Many small businesses are challenging the conventional wisdom that only large corporations can do business in China .

According to Stanley Chao, an expert on China Trade, small businesses today enjoy the same opportunities in China once granted only to large, multinational conglomerates.

Chao offers these tips on doing business with the Chinese:

  • China is different. It has its small quirks and variations. But in the end, a small business leader needs to apply the same basic business principles to China that make you successful in your home country.
  • Be wary and careful: Foreigners tend to use Western standards—education, family background, and financial status—to judge whether a Chinese counterpart is trustworthy and a viable potential partner.  Making an accurate judgment is virtually impossible given the vast cultural and language rifts between Chinese and Westerners. Trusting Chinese business partners can lead to disastrous results. The Chinese, especially those of the Mao Generation, will eat an unwary business leader alive.
  • Choose the right translator: The translator is the most important person on your China business trip. A bad translator will ruin any trip. Never hire translators from a Chinese newspaper’s classified advertisements or use your Chinese counterpart’s English-speaking employees. An excellent translator will have these characteristics:
    • Lived and worked in China
    • Astute knowledge of your business
    • Some working experience in basic business functions (accounting, marketing, operations, etc.)
    • The ability to direct a meeting toward your goals
    • A keen sense of the macro issues and topics you want to accomplish
    • A knack for reading between the lines
  •  Chinese laws, court system stacked against foreigners: China’s legal system has made vast improvements over the past twenty years. Unfortunately, the laws are still vague, continually changing, and difficult to enforce. China still has a generation or two to go to before they will be able to catch up to the West. The Chinese view contracts as a goodwill gesture or a showing of cooperation, not as a firm commitment. They have no qualms about changing terms at a later date. You must seek other means of protection.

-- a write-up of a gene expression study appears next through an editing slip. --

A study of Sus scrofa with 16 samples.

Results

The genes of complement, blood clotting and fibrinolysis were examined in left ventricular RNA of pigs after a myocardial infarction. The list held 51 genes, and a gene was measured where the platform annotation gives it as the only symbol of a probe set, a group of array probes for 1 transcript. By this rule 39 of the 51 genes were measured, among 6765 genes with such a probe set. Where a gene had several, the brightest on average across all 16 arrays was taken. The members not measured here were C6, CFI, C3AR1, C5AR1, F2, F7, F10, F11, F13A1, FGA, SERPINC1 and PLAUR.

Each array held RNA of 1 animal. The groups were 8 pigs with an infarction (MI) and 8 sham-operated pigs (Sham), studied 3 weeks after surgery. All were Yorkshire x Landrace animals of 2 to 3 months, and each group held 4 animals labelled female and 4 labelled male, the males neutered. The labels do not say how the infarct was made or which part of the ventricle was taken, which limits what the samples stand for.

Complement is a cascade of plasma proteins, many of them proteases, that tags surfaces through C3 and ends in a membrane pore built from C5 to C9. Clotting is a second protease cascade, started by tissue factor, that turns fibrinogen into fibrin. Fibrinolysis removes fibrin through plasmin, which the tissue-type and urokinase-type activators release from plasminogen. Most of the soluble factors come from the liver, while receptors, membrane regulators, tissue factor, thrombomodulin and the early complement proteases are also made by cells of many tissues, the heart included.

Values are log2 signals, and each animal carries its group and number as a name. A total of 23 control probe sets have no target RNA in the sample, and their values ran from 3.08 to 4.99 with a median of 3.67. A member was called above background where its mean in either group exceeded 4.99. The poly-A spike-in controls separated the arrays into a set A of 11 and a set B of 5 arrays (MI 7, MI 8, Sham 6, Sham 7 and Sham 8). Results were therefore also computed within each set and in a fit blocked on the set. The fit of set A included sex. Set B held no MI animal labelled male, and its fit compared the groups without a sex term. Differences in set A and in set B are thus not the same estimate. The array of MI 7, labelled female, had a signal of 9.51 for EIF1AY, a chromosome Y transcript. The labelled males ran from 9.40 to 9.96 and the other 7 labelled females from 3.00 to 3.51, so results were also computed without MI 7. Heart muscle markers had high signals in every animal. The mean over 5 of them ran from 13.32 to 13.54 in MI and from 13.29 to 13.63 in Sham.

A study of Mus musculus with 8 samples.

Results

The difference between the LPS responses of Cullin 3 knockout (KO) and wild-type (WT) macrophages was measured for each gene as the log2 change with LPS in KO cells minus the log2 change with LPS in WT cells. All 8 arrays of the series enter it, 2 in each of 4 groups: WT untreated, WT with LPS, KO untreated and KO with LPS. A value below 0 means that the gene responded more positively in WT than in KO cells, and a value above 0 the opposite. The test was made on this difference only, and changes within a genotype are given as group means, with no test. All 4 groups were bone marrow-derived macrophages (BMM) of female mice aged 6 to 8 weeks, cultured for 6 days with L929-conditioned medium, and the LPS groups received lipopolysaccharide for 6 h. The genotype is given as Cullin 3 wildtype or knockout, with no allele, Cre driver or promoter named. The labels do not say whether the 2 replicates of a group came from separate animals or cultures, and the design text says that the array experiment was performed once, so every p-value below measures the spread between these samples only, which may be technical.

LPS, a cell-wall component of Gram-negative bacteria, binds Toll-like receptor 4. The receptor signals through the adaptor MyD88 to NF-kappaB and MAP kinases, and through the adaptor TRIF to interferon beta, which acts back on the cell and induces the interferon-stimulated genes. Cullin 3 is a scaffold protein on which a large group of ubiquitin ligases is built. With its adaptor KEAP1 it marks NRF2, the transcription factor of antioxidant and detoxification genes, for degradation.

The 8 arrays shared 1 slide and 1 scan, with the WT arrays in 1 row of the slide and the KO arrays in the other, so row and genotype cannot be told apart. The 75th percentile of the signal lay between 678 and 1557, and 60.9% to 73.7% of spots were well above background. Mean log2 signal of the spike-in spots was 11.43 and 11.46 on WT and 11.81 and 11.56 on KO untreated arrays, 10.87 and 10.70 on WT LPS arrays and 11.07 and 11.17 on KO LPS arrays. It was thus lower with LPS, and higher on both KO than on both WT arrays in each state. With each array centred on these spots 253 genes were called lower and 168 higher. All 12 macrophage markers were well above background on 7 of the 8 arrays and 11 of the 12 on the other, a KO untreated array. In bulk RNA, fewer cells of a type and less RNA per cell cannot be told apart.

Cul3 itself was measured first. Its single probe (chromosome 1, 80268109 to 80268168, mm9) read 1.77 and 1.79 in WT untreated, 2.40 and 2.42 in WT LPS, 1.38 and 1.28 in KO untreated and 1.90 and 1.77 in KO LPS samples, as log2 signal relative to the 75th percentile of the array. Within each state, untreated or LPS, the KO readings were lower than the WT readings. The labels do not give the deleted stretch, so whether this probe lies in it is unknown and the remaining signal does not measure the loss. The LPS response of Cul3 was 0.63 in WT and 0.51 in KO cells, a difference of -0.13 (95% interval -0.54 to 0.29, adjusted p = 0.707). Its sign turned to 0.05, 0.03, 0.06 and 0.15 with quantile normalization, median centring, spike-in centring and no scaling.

• Always have a contract: Even though Chinese contracts are far from being foolproof, a company still needs to have something in writing. When creating a basic Chinese contract, follow this general advice
    • Use both English and Chinese languages
    • Include an arbitration clause so if a suit is filed you don’t have to go through the Chinese court system
    • Keep the contract period short, preferably less than twelve months
    • Highlight the main issues – price, product specifications, sales quotas, and schedules – in a summary page.
  • The Chinese will haggle everything to death. It’s part of their culture. When your Chinese counterparts are haggling, it’s a good sign. It shows you are close to a deal. It’s a bad sign when they are quiet and unresponsive. This indicates that terms are too far apart. Chinese businesspeople will try to push difficult issues to the end of the negotiation process. Rather, brig them to the forefront and get the hard stuff resolved first.

Stanley Chao has worked in China for more than twenty years and currently serves as managing director for All In Consulting, He has written, Selling To China: A Guide to Doing Business in China for Small- and Medium-Sized Companies.